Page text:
Treating fentanyl transdermal patch overdose
Fentanyl is a prescription synthetic opioid analgesic prescribed for the treatment of chronic and severe pain. Pharmaceutical grade fentanyl is 50 to 100 times more potent than morphine.
Fentanyl’s high potency significantly increases the chance of experiencing an overdose or otherwise severe symptoms. Fentanyl Patch 25 / 50 mcg/hr
Signs of fentanyl transdermal patch overdose
- Feelings of euphoria and relaxation.
- False sense of well-being.
- Nausea and vomiting.
- Drug-seeking behavior (doctor shopping, forging prescriptions).
What dosage is requiring for those taking Fentanyl transdermal patches?
Fentanyl transdermal patches come in a wide range of doses -from 12 mcg/hour to 100 mcg/hour. Patches are changed every 72 hours. Patches should be applied to the skin on a flat, un-irritated place of the body for safety reasons to avoid increasing the rate of absorption, resulting in a higher likelihood of overdose.
Know this before taking Fentanyl transdermal patch.
- Tell your doctor and pharmacist if you are allergic to fentanyl, or any other medications, or any of the ingredients in fentanyl patches. Ask your doctor or pharmacist or check the Medication Guide for a list of the ingredients.
- Tell your doctor and pharmacist what other prescription and nonprescription medications, vitamins, and nutritional supplements you are taking or plan to take. Be sure to mention the medications listed in the IMPORTANT WARNING.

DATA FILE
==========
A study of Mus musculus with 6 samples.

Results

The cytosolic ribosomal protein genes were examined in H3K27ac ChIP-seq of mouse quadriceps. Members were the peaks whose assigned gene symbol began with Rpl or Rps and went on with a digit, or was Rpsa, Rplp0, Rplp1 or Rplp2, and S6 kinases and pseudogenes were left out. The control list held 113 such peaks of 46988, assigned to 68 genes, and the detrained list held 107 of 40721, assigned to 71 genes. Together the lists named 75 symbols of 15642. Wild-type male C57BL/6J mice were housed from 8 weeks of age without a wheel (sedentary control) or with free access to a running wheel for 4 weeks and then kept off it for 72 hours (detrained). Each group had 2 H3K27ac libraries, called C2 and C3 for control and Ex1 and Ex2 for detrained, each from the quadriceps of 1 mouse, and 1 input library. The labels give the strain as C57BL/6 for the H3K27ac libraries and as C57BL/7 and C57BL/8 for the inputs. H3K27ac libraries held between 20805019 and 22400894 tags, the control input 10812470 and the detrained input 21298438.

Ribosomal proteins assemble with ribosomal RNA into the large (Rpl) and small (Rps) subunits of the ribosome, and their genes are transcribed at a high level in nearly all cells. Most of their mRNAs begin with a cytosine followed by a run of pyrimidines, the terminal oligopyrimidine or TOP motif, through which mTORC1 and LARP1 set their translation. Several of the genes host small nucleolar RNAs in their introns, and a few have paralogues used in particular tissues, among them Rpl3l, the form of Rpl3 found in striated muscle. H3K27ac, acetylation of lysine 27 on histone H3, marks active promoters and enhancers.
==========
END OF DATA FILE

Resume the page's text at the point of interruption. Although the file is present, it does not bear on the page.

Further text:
- Tell your doctor if you are breastfeeding.
- You should know that this medication may decrease fertility in men and women. Talk to your doctor about the risks of using fentanyl transdermal patch.
What special dietary instructions should I follow when taking Fentanyl transdermal patch?
Eating grapefruit and drinking grapefruit juice while using this medication may be a consideration but you will still need to discuss this with your doctor.
How legal is taking Fentanyl transdermal patch
- In the UK, fentanyl is classified as a controlled Class A drug under the Misuse of Drugs Act 1971.
- In the Netherlands, fentanyl is a List I substance of the Opium Law.
In the U.S., fentanyl is a Schedule II controlled substance per the Controlled Substance Act. Distributors of Abstral are required to implement an FDA-approved risk evaluation and mitigation strategy (REMS) program. In order to curb misuse, many health insurers have begun to require precertification and/or quantity limits for Actiq prescriptions.